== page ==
Album Review: Amy Winehouse's 'Lioness: Hidden Treasures'
Is it a fitting finale to her sad story?
- Critic's Rating B-
- Readers' Rating A+
In what has become a depressing rite of passage, we can almost always count on a posthumous album or two (or 200, if you’re Tupac) within months of an artist’s death.
This time, sadly, it’s Amy Winehouse’s turn. Winehouse died July 23 of alcohol poisoning. Out today, “Lioness: Hidden Treasures,” compiles 12 previously unreleased songs, alternative versions and a few cover tunes recorded over the past nine years, including her last recording session with Tony Bennett on “Body & Soul.” So the question is which of these tunes are treasures and which should have remained hidden?
The album opens with Winehouse’s 2002 reggae-tinged version of Ruby & The Romantics‘ 1963 hit “Our Day Will Comes,” and with good reason. It’s the track where Winehouse sounds most coherent. It’s a lively, jaunty remake that showcases Winehouse’s love and connection to the singers from the ‘50s and ‘60s and her uncanny intuitiveness when it comes to capturing the sassiness and longing so prevalent in the female pioneers.
[More after the jump...]
She also tackles Carole King/Gerry Goffin’s “Will You Still Love Me Tomorrow.” The version here owes more to the Shirelles‘ original recording than King’s, but there’s a militant drumbeat throughout the production that does it no favors. Winehouse recorded an acoustic version that appeared on the 2007 soundtrack for “Bridget Jones: The Edge of Reason” that is much more pleasing.
An alternate take on “Tears Dry on Their Own” shows how much the song transformed from this nascent version, here without the “Ain’t No Mountain High Enough” base, to the much better final tune on “Back To Black.” It’s a fascinating example in how a song turns from a chunk of coal into a diamond in the hands of a talented producer, but it fails to illuminate anything about Winehouse. Conversely, a stripped down, slower version of “Wake Up Alone” captures the song’s inherent loneliness (thanks in part the brushes on the drums) more so than the take that appeared originally on “Back To Black.”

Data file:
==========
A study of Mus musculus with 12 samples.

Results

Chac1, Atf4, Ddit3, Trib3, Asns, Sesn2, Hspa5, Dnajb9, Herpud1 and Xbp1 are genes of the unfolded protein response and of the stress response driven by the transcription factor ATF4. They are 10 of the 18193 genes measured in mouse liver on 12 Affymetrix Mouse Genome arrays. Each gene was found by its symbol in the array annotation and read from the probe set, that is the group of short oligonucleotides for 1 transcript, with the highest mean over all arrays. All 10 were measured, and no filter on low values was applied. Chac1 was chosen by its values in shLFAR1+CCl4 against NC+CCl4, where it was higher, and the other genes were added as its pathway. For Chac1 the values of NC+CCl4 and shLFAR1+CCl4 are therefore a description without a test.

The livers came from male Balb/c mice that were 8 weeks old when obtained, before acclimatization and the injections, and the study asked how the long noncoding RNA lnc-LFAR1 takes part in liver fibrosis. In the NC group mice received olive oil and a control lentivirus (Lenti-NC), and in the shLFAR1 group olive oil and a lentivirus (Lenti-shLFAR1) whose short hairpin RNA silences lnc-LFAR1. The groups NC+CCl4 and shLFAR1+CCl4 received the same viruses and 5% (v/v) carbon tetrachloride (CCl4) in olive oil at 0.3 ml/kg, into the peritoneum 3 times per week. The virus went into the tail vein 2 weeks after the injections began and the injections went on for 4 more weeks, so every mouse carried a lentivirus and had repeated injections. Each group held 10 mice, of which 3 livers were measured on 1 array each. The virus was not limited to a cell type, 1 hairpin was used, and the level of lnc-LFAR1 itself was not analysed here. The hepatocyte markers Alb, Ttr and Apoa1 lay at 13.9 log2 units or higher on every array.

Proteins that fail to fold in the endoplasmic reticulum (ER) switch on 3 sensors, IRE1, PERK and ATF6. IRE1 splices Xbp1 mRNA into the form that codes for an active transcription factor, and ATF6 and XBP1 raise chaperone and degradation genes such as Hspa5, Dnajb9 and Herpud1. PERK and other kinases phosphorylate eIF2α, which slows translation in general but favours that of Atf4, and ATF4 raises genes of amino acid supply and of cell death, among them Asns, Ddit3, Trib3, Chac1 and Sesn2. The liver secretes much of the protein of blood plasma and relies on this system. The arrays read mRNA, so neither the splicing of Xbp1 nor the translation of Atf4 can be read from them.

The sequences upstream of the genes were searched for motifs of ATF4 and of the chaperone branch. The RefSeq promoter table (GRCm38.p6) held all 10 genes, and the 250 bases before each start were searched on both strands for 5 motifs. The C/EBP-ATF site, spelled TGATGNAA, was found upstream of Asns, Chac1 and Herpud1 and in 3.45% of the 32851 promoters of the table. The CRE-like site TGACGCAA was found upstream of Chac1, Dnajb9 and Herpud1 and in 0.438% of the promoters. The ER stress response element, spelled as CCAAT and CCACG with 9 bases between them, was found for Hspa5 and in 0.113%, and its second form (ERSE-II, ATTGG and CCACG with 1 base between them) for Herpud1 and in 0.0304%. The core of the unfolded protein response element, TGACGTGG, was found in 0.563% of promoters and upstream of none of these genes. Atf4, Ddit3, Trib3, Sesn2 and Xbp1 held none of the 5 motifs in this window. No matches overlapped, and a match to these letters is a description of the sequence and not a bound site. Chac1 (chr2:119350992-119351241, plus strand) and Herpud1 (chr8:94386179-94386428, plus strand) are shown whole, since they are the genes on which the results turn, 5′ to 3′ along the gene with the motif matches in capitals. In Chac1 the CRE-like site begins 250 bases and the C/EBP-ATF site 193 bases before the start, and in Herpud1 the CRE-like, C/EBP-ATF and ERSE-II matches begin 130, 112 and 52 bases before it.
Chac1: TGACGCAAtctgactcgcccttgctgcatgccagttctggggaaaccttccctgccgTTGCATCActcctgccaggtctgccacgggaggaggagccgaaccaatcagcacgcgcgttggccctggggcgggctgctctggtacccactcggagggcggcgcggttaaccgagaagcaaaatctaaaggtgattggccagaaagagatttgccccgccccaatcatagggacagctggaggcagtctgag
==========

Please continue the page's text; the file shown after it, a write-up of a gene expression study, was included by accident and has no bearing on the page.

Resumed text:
“Lioness” includes two tracks from what may have appeared on Winehouse’s third album: “Halftime” and “Like Smoke” featuring Nas. On the first, a ‘70s-sounding, languid, soulful track, Winehouse’s voice has none of the clarity and sharpness that made it so distinguishable. In fact, it pales in comparison to her vocals on “Our Day” here or on anything from “Frank” or “Back in Black.” She fares better on “Like Smoke,” with her jazzy voice and Nas’s throaty raps providing a certain leather and lace appeal. In true Winehouse fashion, she protests a little too much: “I never wanted you to be my man/I just wanted some company.”
The album closes with her cover of Leon Russell’s transcendent “A Song For You.” Longtime fans and Winehouse supporters will interpret her slurry take as proof of her jazz bonafides as she slithers in and around the notes. But what it really sounds like is that Winehouse is three sheets to the wind and several drinks past last call (not that the two interpretations are mutually exclusive). Regardless, the song is a reminder of not only her potential, but how her tremendous talent was extinguished way too soon because of her demons. Same with her cover of “The Girl From Ipanema,” which has her scatting in her best Sarah Vaughan imitation.
The set is unlikely to convince anyone new to Winehouse’s story of her true gifts. For that, any real Winehouse fan will steer newcomers to “Back To Black” or “Frank,” and leave “Lioness” for the diehards who revel in getting to hear their Amy one more time, compromised as she may be.
A portion of the proceeds from the sale of “Lioness” will to the Amy Winehouse Foundation, which loosely states its mandate is to help youth-oriented charities around the world.